Microsoft recently completed some internal research on the emotional wellness and mental state of their employees as we continue to navigate the effects of COVID-19 with work-from-home lockdowns, the future of workspace, and employee flexibility. What they found was staggering.
It seems that employees working from home on a daily basis (and bear in mind these are all employees that are used to working at a desk and screen type setup anyway, given they’re all tech related roles) aren’t handling it very well. There’s 3 main findings that we need to consider:
Even for folks that normally work at a screen in the office, the ability to get up, walk around and interact with others, be it casually in passing or intentionally through meetings, is something that’s been grossly underestimated in value. People need to see other people. We’re wired for 3 dimensional interaction, not 2 dimensional screen staring. Working from home in isolation means everything you do to interact with your work and colleagues happens through a flat, LED type screen approx 2-3 feet away from your face. It’s not the same and it’s not working because our brains aren’t wired to work that way!
This was a surprising one. With all the arguments around zero commute times, the comforts of working in your own environment styled and designed to your specific taste, etc… it’s puzzling that folks would feel exhausted. But they do. The news has been evangelizing work-from-home as some kind of savior for stressed out commuters, when in fact it’s just created a different problem- the inability to separate work life from home life. At a subconscious level the mind can’t separate and stays turned “on” all the time. With work bleeding over into personal time and as a result, our bodies are actually feeling more worked than ever before. But this is nothing compared to the last point.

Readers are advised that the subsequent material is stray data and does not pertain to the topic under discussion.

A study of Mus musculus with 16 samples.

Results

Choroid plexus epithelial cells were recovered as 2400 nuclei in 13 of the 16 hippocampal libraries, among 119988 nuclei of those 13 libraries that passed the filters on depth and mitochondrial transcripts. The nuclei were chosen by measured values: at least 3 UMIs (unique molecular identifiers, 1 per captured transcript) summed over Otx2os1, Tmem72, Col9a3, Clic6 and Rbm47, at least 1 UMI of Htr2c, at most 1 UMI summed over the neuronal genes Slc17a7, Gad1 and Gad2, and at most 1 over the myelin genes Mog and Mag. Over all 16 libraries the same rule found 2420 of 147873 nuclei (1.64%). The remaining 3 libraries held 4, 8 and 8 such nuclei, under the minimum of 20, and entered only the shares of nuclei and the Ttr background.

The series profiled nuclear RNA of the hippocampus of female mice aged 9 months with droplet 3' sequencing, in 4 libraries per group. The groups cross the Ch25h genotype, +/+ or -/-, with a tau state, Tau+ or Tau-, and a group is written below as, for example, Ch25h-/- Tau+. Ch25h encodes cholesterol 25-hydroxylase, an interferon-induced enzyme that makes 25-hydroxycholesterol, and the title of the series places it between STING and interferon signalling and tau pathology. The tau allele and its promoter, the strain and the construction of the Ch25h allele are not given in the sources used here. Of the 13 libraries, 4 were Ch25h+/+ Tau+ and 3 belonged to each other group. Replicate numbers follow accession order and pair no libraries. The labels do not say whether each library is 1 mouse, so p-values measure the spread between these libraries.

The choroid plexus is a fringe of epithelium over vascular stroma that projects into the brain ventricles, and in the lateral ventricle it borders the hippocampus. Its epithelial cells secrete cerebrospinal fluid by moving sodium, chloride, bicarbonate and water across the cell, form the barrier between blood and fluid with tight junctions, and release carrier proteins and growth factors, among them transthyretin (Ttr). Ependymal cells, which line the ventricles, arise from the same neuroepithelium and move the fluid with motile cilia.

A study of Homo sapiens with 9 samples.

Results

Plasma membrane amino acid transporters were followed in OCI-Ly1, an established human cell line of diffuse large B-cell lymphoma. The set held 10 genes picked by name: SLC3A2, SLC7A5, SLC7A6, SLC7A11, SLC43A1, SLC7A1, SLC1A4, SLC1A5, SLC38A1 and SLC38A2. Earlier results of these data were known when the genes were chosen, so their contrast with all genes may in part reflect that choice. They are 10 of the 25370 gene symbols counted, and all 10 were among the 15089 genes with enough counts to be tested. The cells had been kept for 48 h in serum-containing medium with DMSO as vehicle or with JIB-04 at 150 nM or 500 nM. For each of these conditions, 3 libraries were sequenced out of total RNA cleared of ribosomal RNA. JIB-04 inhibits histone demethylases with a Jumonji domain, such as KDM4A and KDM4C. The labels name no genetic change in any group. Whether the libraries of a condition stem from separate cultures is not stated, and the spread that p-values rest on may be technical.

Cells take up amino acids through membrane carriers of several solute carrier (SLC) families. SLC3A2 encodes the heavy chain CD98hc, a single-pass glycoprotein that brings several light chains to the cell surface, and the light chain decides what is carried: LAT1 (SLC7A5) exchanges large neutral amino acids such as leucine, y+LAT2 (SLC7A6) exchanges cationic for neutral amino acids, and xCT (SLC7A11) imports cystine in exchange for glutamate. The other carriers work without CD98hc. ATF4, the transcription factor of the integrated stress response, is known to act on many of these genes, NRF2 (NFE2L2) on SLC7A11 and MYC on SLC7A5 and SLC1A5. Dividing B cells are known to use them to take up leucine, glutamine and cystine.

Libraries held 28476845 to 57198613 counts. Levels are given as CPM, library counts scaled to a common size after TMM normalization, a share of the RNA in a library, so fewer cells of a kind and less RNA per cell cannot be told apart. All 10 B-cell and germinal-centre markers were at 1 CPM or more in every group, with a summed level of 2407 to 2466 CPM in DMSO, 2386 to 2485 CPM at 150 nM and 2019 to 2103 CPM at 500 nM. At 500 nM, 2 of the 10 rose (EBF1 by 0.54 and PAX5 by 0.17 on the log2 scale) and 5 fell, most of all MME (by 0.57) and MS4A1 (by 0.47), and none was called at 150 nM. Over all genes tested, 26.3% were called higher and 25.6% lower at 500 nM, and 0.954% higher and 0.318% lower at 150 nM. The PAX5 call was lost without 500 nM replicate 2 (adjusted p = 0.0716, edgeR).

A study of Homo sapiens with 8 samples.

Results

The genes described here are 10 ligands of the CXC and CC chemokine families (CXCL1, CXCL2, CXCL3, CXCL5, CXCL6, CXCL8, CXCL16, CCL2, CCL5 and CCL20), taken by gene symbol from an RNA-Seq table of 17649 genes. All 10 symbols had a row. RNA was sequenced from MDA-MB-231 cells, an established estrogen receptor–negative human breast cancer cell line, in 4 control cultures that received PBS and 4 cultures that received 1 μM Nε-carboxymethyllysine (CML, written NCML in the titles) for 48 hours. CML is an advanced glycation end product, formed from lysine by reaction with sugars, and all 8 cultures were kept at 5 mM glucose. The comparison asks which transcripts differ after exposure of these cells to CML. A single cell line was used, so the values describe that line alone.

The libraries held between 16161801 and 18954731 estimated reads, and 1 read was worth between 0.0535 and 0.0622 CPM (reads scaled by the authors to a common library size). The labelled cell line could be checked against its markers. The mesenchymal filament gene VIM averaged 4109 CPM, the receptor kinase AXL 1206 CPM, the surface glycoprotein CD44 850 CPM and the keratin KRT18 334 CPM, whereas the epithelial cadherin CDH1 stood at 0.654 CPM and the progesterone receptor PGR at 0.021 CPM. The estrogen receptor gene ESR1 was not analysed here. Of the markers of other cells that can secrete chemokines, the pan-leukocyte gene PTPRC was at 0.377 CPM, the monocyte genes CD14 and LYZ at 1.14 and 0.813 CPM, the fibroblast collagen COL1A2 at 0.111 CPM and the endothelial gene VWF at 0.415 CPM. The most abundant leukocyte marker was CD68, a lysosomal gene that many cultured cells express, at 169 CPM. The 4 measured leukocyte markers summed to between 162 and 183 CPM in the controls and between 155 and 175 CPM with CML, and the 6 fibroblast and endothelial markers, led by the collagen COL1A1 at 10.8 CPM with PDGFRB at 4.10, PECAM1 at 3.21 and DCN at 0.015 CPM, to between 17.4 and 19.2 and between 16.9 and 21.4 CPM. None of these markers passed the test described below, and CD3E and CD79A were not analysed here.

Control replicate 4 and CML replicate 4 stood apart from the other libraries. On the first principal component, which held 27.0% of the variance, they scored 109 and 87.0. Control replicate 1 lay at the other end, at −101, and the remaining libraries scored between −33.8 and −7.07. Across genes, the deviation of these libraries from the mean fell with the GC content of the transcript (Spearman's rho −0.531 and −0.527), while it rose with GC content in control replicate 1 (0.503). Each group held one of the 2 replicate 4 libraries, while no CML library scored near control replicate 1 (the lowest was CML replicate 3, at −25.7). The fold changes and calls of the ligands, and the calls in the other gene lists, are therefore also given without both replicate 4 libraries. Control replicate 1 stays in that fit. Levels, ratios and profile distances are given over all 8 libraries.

Yes, you read the right. Crying. Working from home is literally causing highly educated, professional level employees to physically break down and cry. Regularly, consistently and indiscriminately. Seriously. What is happening when working for a living is creating so much mental and emotional distress, that people are feeling the need to cry, in their homes, the place that’s supposed to be their safe space? Remember, these were employees that had already been doing the work they were doing, so this isn’t a work product issue or a difficulty related symptom.
If you employ people and were thinking keeping them home was going to be a great idea then maybe it’s time to revisit that thought. Am I biased? Maybe a little, given we’re in the workspace business. But another way to look at it is that we’re in the workspace business because we’ve known all along that going out to a different place of work is essential to our mental wellness, while also creating safe places away from the office for other parts of our lives. We’ve sung this song for years, and we’re just getting started.